GENEVA — Talks on a deal to temporarily curb Iran's nuclear program ran into trouble Saturday when France questioned whether the proposal went far enough, casting doubt an agreement could be reached during the current round of negotiations.
Chances of bridging all differences diminished as the day went on.
A Western diplomat in Geneva for the talks told The Associated Press it appeared that a new round of negotiations would be needed to agree on all points of a startup deal meant to lead to a comprehensive agreement ensuring that Tehran's nuclear work remains peaceful.
He said preparations were being made by both sides for an announcement later in the day of a new meeting within a few weeks. He said earlier that the French were holding out for conditions on the Iranians tougher than those agreed to by the U.S. and France's other negotiating partners, diminishing hopes of a done deal Saturday.
Comments by Iranian Foreign Minister Mohammad Javad Zarif increased skepticism that the two sides would agree on the full contours of a first-step deal at the current negotiating round.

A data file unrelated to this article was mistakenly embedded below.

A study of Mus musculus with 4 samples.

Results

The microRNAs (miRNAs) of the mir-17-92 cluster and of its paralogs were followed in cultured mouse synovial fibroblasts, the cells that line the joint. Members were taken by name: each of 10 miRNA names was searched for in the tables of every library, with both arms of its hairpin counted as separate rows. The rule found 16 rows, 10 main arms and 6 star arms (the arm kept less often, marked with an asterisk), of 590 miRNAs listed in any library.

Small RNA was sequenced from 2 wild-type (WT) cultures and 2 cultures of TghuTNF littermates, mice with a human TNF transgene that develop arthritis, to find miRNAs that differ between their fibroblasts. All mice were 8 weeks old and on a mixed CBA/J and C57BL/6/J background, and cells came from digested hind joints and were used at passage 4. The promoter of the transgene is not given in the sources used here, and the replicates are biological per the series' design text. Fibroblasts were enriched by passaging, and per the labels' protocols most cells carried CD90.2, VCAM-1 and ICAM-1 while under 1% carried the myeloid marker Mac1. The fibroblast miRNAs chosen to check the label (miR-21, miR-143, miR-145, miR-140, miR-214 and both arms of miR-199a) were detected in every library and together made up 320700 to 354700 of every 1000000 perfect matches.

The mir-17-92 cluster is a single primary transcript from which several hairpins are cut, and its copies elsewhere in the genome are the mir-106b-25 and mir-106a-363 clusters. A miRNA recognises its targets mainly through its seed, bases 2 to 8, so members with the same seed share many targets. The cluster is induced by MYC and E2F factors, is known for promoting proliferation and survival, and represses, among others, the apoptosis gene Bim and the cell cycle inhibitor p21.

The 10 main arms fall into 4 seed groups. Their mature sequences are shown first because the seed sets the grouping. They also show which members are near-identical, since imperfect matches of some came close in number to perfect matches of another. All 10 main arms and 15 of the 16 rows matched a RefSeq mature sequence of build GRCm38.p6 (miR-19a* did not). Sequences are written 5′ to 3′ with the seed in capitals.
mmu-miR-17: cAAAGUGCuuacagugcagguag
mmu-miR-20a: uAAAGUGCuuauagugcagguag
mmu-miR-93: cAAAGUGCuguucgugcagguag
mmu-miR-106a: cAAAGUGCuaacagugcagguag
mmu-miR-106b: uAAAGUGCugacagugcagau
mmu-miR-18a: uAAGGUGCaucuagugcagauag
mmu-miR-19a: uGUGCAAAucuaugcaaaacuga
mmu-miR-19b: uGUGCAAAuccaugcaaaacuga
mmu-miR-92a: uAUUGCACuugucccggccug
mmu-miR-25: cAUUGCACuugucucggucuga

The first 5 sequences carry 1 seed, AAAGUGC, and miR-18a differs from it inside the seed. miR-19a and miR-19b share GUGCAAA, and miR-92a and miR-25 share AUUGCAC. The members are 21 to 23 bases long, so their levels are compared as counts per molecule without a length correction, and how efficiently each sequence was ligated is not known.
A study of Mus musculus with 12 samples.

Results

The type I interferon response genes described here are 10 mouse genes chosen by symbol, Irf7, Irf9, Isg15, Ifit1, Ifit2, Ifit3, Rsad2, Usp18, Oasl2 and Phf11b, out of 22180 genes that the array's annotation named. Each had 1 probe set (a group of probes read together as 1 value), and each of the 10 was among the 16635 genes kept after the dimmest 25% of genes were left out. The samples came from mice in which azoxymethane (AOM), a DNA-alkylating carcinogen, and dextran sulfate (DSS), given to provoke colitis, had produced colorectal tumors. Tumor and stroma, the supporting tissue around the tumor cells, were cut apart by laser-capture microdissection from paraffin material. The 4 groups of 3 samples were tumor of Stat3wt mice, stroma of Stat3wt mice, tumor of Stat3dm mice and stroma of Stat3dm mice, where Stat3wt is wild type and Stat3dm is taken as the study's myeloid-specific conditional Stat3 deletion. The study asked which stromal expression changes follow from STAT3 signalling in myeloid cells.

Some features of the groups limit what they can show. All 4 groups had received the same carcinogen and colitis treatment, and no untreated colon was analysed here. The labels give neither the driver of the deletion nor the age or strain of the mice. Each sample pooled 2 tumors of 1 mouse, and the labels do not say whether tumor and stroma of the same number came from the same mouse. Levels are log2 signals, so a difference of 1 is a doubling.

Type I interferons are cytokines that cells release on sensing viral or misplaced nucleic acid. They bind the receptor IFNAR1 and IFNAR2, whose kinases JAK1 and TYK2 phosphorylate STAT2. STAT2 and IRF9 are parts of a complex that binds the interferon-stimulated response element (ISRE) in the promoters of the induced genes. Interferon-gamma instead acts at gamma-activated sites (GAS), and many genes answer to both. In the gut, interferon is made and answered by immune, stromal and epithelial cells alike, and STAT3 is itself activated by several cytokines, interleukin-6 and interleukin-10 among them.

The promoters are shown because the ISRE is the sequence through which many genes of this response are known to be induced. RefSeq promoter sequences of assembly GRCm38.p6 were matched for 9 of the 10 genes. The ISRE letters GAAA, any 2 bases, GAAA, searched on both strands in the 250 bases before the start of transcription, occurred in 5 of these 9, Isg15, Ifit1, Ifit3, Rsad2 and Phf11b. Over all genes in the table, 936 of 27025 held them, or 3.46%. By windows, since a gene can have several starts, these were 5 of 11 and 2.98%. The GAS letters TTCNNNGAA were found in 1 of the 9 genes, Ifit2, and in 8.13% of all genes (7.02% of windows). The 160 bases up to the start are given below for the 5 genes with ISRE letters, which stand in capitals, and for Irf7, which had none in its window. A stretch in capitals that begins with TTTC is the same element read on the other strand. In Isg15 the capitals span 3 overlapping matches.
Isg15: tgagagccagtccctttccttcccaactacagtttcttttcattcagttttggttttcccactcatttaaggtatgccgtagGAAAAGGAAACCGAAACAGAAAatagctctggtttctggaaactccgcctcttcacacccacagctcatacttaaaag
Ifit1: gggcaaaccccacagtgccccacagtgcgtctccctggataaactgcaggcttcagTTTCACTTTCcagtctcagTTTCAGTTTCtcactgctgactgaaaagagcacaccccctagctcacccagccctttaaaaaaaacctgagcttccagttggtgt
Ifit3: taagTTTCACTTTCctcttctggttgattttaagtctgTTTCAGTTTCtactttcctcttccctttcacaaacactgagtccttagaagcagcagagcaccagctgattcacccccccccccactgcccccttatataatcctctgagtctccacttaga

"There are differences," Zarif told Iranian state TV, adding that if open questions remained after Saturday, the talks would reconvene within a week to 10 days.
But the current talks in Geneva were still underway late Saturday, with U.S. Secretary of State John Kerry, EU foreign policy chief Catherine Ashton, and foreign ministers from Britain, France, Germany and Russia meeting with one another, and some with Zarif. Chinese Deputy Foreign Minister Baodong Li also arrived Friday evening.
The foreign ministers of the seven delegations discussing Iran convened a meeting late Saturday night, and the Iranian officials were not included.
French Foreign Minister Laurent Fabius spoke of "several points that ... we're not satisfied with compared to the initial text," telling France-Inter Radio his nation does not want to be part of a "con game."